Finally, Greece may have a bailout deal in hand and AIG (NYSE: AIG) agreed to sell off one of its divisions in order to raise some much-needed cash. The net effect is a slew of exchange traded funds (ETFs) in positive territory in early trading.
The European Union and Greece are working hard to make some big budget cuts while other European nations are rumored to be pulling together a package that will save the debt-riddled nation. The ultimate goal is to reduce Greece’s budget deficit by 4% this year. [6 ETFs to Ride Euro’s Changing Fortunes.]
A British company has signed on to buy AIG’s Asia life insurance business for $35.5 billion. The deal would mean the largest repayment yet of the whopping $180 billion the government fronted AIG as part of a series of bailouts. The Federal Reserve of New York would grab the first $16 billion from the sale. iShares Dow Jones U.S. Broker-Dealers (NYSEArca: IAI) is up about 0.7% in early trading. [ETFs to Play the Financial Recovery.]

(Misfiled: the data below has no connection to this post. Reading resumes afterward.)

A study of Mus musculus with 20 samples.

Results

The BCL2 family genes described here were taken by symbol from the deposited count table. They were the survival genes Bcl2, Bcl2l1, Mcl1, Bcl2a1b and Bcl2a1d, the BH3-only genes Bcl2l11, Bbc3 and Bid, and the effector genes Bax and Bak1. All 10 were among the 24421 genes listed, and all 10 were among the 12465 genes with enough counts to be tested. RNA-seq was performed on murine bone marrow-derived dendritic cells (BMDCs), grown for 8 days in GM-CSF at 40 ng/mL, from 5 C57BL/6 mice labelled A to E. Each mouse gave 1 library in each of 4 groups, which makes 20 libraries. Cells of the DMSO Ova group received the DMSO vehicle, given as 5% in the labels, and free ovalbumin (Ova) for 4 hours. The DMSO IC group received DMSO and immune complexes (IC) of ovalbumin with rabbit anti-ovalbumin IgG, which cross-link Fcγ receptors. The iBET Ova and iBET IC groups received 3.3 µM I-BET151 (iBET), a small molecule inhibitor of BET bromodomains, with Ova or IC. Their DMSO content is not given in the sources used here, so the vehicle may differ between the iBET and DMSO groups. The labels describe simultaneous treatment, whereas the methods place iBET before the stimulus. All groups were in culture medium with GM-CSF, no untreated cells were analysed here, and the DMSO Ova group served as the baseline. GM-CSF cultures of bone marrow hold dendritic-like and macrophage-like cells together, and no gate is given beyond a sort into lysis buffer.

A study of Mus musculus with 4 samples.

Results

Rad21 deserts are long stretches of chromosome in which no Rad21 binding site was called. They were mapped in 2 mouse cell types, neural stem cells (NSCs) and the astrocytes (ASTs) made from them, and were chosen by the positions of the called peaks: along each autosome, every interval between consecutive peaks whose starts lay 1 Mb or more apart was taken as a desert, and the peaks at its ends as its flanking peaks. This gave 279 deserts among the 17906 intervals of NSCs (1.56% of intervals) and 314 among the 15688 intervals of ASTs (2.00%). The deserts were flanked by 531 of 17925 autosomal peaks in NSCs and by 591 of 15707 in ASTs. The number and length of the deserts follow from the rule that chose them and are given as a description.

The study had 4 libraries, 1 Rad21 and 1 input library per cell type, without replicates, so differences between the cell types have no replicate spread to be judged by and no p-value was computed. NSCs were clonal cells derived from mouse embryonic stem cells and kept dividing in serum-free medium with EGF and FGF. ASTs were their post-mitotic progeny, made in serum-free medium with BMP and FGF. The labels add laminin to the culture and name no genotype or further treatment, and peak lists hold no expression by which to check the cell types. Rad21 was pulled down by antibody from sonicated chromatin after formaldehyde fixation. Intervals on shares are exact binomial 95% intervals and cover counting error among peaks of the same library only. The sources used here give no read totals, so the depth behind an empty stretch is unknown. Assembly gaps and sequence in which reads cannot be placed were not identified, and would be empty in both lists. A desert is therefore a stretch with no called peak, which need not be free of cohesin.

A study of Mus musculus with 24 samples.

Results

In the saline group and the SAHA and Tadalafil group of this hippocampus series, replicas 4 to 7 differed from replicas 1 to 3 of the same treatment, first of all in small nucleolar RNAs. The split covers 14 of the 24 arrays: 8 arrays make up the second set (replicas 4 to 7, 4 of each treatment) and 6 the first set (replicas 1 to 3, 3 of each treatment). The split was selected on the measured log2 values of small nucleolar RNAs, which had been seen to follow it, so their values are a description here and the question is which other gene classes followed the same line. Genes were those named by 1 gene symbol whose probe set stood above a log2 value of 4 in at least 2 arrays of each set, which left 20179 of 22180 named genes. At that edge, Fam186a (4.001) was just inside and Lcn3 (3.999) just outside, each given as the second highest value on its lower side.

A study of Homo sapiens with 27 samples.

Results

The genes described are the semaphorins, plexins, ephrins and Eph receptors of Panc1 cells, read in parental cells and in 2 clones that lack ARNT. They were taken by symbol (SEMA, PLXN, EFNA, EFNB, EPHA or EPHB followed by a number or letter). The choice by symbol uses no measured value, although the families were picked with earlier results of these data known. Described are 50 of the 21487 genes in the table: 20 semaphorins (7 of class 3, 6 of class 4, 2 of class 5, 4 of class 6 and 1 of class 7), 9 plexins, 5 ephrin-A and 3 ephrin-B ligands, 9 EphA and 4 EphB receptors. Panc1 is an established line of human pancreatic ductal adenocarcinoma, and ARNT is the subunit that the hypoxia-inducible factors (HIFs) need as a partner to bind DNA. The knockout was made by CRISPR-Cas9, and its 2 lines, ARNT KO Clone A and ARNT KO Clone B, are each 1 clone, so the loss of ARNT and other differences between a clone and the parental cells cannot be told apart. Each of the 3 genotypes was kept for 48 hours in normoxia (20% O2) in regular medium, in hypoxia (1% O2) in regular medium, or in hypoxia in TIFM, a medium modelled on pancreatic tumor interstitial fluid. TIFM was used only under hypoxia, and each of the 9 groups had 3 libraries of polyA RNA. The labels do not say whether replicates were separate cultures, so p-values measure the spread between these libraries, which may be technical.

Looks like the spending picture continues to improve. Despite unwaveringly bad news about the job market and consumer confidence, we’re at least still spending. Consumer spending rose in January for the fourth consecutive month. Consumer spending is two-thirds of the American economy, so this is a key area that will determine the pace and strength of the recovery. SPDR S&P Retail (NYSEArca: XRT) is up 1.2% so far today. [ETFs for the New Retail Climate.]
Manufacturing also rose last month for the seventh straight time. While the actual figure declined to 56.5, any number above 50 signals expansion. Factories are slowly coming back on line as they work to build up depleted inventories and build new equipment. The improvements are such that many believe the sector will lead the way to recovery by propelling consumer spending and creating new jobs. PowerShares Dynamic Industrials (NYSEArca: PRN) is up nearly 2% today.
The opinions and forecasts expressed herein are solely those of Tom Lydon, and may not actually come to pass. Information on this site should not be used or construed as an offer to sell, a solicitation of an offer to buy, or a recommendation for any product.